Fishing around Pine Island in southwest Florida was good for a variety of species from trout to tarpon over the past week. Bait of all kinds have been plentiful so we have been collecting a good mix this way we have the right bait for any opportunity that may arise. As usual live shiners (pilchards) were our primary bait but we also caught fish on a host of others.
Charlotte Harbor continues to give great action on Spanish mackerel, trout and sharks. A little chumming with crippled up shiners and the fun begins. Sharks are really getting thick in the Harbor, every time we hooked a big chunk of fish under a balloon on a larger rig we were usually hooked up within five minutes. Most of the sharks are running from three to four and a half feet but we did hook a big blacktip of five feet or larger that made a couple spectacular jumps before popping the leader.
A cobia came in on the action on one of the days and curiously hung around the boat while we tried enticing it with several different bait options before we found the right choice. The cobia nailed a live six inch thread herring as soon as it hit the water after turning down a half dozen other bait options, that’s why we like having the bait variety this time of year. The fish weighed twenty-five pounds and made a good dinner for my group that was visiting from Denmark and camping at Cayo Costa State Park for a week. Fishing in the harbor was best over the incoming tide with a big drop-off on the falling.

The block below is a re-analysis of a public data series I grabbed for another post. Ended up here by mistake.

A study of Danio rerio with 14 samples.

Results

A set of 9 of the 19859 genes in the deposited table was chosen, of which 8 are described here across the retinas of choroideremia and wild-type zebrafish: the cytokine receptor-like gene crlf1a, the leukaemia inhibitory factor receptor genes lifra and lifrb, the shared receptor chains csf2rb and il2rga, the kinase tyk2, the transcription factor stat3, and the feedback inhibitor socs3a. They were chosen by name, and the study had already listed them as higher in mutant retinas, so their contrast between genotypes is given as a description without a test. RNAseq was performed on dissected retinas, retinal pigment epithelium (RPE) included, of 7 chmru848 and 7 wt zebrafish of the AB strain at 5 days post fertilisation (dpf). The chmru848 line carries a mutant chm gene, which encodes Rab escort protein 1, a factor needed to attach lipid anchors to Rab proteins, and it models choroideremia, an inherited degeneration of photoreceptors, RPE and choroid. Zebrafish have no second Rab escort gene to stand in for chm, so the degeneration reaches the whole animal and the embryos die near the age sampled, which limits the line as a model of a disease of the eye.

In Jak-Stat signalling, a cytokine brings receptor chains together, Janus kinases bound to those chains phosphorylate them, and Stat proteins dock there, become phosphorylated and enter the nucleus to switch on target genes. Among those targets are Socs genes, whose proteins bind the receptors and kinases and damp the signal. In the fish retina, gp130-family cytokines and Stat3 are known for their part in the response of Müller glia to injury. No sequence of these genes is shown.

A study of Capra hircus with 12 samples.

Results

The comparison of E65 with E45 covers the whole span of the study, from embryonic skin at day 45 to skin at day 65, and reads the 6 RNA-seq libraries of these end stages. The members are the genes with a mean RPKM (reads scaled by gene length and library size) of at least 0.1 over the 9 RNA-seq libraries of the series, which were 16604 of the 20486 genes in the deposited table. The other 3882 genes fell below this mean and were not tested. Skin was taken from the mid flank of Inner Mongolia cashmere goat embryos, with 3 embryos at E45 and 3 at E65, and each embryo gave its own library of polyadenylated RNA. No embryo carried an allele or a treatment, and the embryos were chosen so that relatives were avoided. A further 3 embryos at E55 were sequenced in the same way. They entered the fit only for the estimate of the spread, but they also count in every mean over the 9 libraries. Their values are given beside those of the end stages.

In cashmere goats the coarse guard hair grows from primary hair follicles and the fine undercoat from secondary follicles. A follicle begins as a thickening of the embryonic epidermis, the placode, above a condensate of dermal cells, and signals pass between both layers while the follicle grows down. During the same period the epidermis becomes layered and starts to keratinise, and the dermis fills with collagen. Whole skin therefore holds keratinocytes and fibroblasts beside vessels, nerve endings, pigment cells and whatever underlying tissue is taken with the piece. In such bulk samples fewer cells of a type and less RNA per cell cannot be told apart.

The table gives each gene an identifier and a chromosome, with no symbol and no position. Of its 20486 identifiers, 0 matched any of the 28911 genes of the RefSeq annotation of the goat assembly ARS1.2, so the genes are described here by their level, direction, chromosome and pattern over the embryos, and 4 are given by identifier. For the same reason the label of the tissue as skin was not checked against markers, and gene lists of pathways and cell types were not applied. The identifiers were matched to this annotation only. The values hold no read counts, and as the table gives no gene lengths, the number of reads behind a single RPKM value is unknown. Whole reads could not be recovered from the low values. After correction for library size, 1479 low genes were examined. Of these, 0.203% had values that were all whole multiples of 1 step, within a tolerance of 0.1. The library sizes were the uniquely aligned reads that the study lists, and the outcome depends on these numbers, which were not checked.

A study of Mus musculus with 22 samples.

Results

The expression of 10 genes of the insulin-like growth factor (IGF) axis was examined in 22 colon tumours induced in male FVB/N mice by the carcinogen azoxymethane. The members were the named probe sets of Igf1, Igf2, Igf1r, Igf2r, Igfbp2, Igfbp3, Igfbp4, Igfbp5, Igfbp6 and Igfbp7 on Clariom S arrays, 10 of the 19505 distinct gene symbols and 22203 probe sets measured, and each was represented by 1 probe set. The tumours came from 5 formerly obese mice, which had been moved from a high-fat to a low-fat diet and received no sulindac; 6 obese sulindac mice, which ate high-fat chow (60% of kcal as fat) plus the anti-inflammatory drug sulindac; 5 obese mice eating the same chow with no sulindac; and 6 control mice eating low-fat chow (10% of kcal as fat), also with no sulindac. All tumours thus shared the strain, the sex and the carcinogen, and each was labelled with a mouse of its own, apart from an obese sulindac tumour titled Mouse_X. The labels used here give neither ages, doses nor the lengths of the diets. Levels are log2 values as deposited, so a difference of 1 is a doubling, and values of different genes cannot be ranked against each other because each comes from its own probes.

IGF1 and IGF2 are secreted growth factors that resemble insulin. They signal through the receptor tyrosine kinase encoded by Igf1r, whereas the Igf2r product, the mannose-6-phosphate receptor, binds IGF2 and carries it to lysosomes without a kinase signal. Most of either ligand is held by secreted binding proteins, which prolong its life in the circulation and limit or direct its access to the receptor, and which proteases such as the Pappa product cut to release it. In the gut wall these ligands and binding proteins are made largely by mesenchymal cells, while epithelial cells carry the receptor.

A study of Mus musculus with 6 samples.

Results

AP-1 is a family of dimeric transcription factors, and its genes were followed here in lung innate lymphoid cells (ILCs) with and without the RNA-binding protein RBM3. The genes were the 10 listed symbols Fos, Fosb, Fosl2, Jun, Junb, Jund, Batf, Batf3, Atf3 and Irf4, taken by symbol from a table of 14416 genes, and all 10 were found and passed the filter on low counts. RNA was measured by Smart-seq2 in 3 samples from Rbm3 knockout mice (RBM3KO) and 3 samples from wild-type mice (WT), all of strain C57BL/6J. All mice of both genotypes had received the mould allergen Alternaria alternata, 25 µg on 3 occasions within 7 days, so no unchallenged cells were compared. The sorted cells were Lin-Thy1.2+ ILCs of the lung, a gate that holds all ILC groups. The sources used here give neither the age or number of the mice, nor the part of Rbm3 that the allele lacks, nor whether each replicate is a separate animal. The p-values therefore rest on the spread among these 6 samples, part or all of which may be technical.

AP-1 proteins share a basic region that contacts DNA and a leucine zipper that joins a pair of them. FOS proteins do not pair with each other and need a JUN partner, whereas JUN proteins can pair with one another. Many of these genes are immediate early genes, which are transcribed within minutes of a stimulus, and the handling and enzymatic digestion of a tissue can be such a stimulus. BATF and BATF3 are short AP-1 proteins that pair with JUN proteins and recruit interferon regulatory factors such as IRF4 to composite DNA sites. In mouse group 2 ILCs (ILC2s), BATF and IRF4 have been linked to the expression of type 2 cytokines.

It’s been kind of windy over the past week making it difficult to locate tarpon. During these conditions I generally do better by anchoring in proven areas and fishing dead baits on bottom and a couple live baits free lined. We only tarpon fished one afternoon but got lucky and jumped three landing one. It was a larger fish estimated at one hundred forty to one hundred fifty pounds and all three picked up either a cut ladyfish or a whole dead shad on bottom.
On the high water we caught a few really nice snook up to thirty three inches and trout to twenty-four plus jack crevalle around oyster bars in Matlacha Pass. One of my long time clients on his last day of fishing before heading north for the summer finished up the day with a thirty-two snook followed immediately by a thirty-three inch caught by his buddy, although we were trying to catch a redfish it was still a pretty good way to end their day and season in Florida.
Tarpon fishing should really kick off once the wind lies down. The fish will tighten up and become concentrated and easier to locate. Look for them around the large bait schools in Charlotte Harbor and off the beaches. I have a full week of tarpon fishing scheduled and with a little luck we will have a good report.